Black Swan (2010)

The final line of the film is “It was perfect” and that is an almost perfect review of the film, the film is not perfect but it is so close. I believe this was my fourth or fifth time watching this film and I have adored it just as much as when I first saw it and I manage to pick up on more layers of the film and on certain aspects.

Firstly, let me say that the sound design is incredible, most of the sound effects are created using bird noises and it is done so creatively that I didn’t realise until my third viewing of the film. This is the kind of technical prowess that has been put in to this film that takes it above any other film like it. This is by far, in my opinion of course, Darren Aronofsky’s best film by a huge margin. Everything about the film is perfectly placed and pitched so that, like a ballet, it flows naturally with a feeling of grandeur.

The camera work in this film is perfection, focusing on a tight frame just shooting the characters from chest up for the most part until a ballet scene where it changes to a beautiful wide shot giving the viewers the freedom that comes with dancing. The tight shots, especially when it is just Nina Sayers, played by Natalie Portman, not only allow us to focus on Nina’s face and facial reactions but almost effortlessly create this sense of tension, which is representing how trapped Nina feels. As the film progresses, the tight shots get more interesting as Nina becomes increasingly more unhinged and Portman’s acting truly comes in to play.

Speaking of Portman, she is phenomenal as Nina, finding the perfect balance between her light side and her dark side, she excels with both parts so much so that it feels like it is two different actresses, which is the point and is absolutely commendable. As for the others, Mila Kunis was great as the cocky, carefree and ultimate rival to Nina, Lily and Vincent Cassel is also great as the demanding instructor Thomas. Barbara Hershey plays Nina’s mother, Erica, and she is excellent in the role, providing some explanation as to what is happening with Nina as her mother is thoroughly unhinged.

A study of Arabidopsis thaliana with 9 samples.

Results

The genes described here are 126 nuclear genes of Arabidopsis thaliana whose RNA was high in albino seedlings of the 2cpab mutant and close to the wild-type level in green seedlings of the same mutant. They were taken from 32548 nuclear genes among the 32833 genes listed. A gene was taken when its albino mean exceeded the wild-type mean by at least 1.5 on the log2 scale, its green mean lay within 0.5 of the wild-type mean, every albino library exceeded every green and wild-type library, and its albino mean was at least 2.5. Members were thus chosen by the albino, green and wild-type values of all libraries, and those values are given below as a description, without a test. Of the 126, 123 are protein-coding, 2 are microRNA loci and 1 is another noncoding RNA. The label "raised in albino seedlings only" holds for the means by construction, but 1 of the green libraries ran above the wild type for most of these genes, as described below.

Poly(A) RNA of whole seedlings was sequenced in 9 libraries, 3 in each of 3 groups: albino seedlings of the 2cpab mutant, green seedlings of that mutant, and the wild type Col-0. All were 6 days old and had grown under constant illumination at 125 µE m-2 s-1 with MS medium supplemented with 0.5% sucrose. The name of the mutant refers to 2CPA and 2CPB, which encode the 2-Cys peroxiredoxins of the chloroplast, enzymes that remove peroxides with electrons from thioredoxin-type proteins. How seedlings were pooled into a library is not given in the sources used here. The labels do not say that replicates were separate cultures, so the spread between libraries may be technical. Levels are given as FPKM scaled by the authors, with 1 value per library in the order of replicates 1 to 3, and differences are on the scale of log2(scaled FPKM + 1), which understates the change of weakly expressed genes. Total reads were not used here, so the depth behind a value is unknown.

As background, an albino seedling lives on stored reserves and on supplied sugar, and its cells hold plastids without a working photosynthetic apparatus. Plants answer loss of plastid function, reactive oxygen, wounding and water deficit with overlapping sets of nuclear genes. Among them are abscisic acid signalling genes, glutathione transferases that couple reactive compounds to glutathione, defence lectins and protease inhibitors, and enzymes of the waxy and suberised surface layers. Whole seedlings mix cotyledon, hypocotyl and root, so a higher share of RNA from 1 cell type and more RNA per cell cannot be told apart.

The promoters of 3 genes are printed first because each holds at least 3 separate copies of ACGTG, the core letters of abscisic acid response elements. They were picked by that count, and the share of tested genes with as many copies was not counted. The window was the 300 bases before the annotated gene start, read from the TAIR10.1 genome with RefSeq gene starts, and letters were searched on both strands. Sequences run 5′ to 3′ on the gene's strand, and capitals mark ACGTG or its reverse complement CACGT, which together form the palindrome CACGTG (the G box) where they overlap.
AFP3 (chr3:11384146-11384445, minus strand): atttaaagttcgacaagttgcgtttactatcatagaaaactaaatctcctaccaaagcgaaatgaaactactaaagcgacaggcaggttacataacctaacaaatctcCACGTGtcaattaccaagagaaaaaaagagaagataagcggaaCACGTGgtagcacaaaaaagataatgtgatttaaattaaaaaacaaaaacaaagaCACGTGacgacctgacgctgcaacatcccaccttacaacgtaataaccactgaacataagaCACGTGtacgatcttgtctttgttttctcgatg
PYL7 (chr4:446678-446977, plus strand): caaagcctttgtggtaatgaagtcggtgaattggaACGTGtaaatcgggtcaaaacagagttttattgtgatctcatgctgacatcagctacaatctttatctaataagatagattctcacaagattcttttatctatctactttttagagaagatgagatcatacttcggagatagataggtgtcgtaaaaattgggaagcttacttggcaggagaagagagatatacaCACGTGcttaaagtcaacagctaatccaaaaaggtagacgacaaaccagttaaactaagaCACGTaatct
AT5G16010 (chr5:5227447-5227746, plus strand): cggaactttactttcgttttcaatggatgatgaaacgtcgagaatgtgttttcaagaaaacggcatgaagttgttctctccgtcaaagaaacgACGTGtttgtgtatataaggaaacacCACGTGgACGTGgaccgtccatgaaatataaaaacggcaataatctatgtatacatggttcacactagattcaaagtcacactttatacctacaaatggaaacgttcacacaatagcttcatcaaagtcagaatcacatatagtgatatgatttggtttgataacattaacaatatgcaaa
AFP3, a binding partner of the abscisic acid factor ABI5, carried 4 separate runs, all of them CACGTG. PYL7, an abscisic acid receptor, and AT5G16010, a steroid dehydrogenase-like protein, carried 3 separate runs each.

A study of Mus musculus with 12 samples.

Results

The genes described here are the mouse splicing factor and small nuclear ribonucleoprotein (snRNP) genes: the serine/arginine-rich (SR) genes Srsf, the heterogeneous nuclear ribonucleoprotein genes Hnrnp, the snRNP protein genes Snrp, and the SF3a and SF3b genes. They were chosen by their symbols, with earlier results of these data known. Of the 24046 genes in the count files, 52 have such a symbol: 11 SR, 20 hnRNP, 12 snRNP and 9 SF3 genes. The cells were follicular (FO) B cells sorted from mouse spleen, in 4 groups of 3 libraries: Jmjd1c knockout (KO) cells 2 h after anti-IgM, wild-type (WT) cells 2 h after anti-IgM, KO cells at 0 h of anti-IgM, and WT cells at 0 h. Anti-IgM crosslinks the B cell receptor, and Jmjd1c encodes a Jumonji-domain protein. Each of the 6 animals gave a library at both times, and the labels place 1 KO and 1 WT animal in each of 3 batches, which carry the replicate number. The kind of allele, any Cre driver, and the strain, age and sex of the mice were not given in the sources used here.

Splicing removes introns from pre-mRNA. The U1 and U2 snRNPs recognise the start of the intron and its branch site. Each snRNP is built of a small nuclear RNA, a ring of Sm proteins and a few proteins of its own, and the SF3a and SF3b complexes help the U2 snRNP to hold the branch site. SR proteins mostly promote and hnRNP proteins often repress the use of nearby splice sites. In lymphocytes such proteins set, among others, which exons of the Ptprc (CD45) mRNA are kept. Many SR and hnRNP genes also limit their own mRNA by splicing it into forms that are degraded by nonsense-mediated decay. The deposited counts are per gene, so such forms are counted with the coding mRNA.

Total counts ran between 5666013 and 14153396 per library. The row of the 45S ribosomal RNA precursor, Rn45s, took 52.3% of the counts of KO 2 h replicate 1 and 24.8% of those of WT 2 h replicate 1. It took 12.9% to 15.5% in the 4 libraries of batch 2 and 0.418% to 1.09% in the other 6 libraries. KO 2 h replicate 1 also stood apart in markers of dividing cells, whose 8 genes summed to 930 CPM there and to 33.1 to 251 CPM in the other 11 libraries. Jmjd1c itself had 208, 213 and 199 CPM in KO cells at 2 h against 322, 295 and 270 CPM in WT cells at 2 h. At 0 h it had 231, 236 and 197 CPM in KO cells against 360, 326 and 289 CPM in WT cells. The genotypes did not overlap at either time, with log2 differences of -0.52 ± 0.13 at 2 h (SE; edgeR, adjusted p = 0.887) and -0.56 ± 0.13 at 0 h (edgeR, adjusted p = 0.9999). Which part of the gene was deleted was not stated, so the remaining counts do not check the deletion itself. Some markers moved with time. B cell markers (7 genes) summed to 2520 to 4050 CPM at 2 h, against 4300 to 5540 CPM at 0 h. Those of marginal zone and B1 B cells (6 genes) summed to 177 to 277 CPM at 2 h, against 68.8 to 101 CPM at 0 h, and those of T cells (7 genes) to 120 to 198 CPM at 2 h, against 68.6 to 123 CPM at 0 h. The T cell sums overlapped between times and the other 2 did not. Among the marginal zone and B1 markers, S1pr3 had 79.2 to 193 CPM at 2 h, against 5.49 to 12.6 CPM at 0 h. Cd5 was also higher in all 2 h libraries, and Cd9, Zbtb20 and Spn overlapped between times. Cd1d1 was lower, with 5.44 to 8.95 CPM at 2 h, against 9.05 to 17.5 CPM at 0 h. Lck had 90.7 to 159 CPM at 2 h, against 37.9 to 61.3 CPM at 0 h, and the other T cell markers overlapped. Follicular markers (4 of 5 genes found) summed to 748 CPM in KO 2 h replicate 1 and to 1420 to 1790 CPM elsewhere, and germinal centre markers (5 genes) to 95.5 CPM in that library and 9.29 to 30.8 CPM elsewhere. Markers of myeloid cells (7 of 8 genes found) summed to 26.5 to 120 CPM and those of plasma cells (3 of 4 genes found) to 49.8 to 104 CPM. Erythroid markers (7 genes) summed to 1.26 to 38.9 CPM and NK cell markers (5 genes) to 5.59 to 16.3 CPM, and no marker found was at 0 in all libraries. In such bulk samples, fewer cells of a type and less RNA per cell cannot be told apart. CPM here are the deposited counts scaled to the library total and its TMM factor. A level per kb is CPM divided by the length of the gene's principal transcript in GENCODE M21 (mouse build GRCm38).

Throughout the film, even at the beginning Aronofsky was hinting towards a mental illness/split personalities as often, there is a reflection, or even more than one of Nina’s face, they start off innocent enough, but as the film progresses and Nina’s descent in to madness heightens the reflections become more sinister and focused.

This film is absolutely a must watch for anyone who wants to watch a great, unique take on mental illness. It is thrilling, exciting and oft times unnerving, go watch it.